Last week’s blog discussed the difference in outcome when you have a will versus the intestate rules being applied to your estate. Taking our example on step further, what happens when Mrs passes away?
Based on our initial example, this family had saved and invested well. Mrs’ career allowed her to maintain the family’s lifestyle without using investments. Investment Corporation is also holding 3 in-force life insurance policies that will pay to the corporation once Mrs passes away.
Assuming Mrs lives to her average life expectancy of 83, the estate will be worth approximately $14 million. If she passes sooner, at age 55, the children will inherit approximately $2,500,000 each when they are in their early 20’s.
How do you increase the likelihood that your estate will benefit your family/beneficiaries and decrease the potential negative impact of what may be sudden wealth for someone unprepared?
- Talk to your family about money basics. If you don’t feel confident about this, that’s okay; you can learn together. Monopoly has many money truths. If you over-spend, you will run out of money and have to negotiate with other people or surrender (and that doesn’t feel good). Expenses come out of the blue. Properties need maintenance.
- Look at your own values and how you are earning/spending your money- do they match? Once you have clarity for yourself, think about how you will share this with your children. There is significant gain in these conversations for all of you.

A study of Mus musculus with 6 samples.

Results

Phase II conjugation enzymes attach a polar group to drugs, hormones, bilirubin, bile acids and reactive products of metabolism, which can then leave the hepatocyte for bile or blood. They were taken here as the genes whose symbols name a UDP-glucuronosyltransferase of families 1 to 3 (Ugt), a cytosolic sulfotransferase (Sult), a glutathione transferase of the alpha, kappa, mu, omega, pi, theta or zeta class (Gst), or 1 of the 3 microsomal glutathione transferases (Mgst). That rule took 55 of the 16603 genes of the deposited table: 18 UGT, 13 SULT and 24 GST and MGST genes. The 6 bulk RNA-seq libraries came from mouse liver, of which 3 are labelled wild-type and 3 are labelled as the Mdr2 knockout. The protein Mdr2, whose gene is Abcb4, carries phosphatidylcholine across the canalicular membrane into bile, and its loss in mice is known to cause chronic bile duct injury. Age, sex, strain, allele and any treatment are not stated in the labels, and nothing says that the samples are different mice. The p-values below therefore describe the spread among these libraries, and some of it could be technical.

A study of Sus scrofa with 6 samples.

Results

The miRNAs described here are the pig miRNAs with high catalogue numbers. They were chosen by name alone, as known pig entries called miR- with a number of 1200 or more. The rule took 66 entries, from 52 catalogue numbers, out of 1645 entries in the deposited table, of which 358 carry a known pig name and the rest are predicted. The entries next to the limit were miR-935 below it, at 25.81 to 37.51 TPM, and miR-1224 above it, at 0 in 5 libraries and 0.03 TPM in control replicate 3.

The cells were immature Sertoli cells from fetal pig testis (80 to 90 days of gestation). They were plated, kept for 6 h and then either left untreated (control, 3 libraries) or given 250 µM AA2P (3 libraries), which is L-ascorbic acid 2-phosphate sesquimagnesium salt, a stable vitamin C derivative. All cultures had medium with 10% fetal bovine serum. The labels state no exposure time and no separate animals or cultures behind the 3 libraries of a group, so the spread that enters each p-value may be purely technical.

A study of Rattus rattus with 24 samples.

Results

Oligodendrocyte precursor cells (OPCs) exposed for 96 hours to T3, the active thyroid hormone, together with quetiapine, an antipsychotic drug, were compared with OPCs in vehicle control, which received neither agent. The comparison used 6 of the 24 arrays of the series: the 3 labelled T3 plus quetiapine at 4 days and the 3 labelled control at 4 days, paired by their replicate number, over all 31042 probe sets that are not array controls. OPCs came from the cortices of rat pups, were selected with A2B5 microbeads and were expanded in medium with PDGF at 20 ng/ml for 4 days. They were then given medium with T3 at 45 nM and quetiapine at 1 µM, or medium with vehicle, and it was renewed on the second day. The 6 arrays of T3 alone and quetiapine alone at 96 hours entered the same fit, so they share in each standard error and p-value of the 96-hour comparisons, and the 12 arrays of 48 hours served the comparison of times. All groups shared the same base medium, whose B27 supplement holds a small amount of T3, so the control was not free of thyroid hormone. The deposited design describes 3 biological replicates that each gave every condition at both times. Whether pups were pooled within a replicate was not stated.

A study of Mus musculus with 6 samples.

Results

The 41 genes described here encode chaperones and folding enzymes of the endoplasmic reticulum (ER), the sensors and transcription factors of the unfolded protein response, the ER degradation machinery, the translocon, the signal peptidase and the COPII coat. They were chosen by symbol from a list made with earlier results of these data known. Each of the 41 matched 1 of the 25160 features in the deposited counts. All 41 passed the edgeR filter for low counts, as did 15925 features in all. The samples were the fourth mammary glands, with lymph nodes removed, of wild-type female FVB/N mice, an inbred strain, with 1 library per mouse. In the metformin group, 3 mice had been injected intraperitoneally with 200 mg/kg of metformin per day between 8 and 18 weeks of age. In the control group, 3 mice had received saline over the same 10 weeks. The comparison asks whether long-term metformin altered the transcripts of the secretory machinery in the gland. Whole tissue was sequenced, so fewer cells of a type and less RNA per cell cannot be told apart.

- Follow and expand on what catches your family’s interest. If your kids are showing an interest in investing, see how much information you can find together. Find sites that will let you build a hypothetical portfolio and track it’s behaviour over time.
- If you have advisors that you trust, be explicit with your family about that. The younger children are, the more all-knowing you seem. Even adult children may not realize that a very successful parent relies on an advisor for help that is out of their area of expertise.
The sooner you have these conversations, the more time you have to repeat the information. Learning happens over time, with repetition. It’s not too late to start talking as a family about your values and how to handle money and wealth so that it meets your goals instead of acting as a hindrance.
Disclaimer- the above example is a hypothetical situation for illustration purposes only and is not to be considered legal advice. Intestate rules vary from province to province. For legal advice specific to your situation, drafting and execution of your wills, please consult your lawyer.
To discuss your current situation and estate goals, please contact firstname.lastname@example.org to book an appointment.
Check in later in June for blogs on how to talk your kids about money and finances.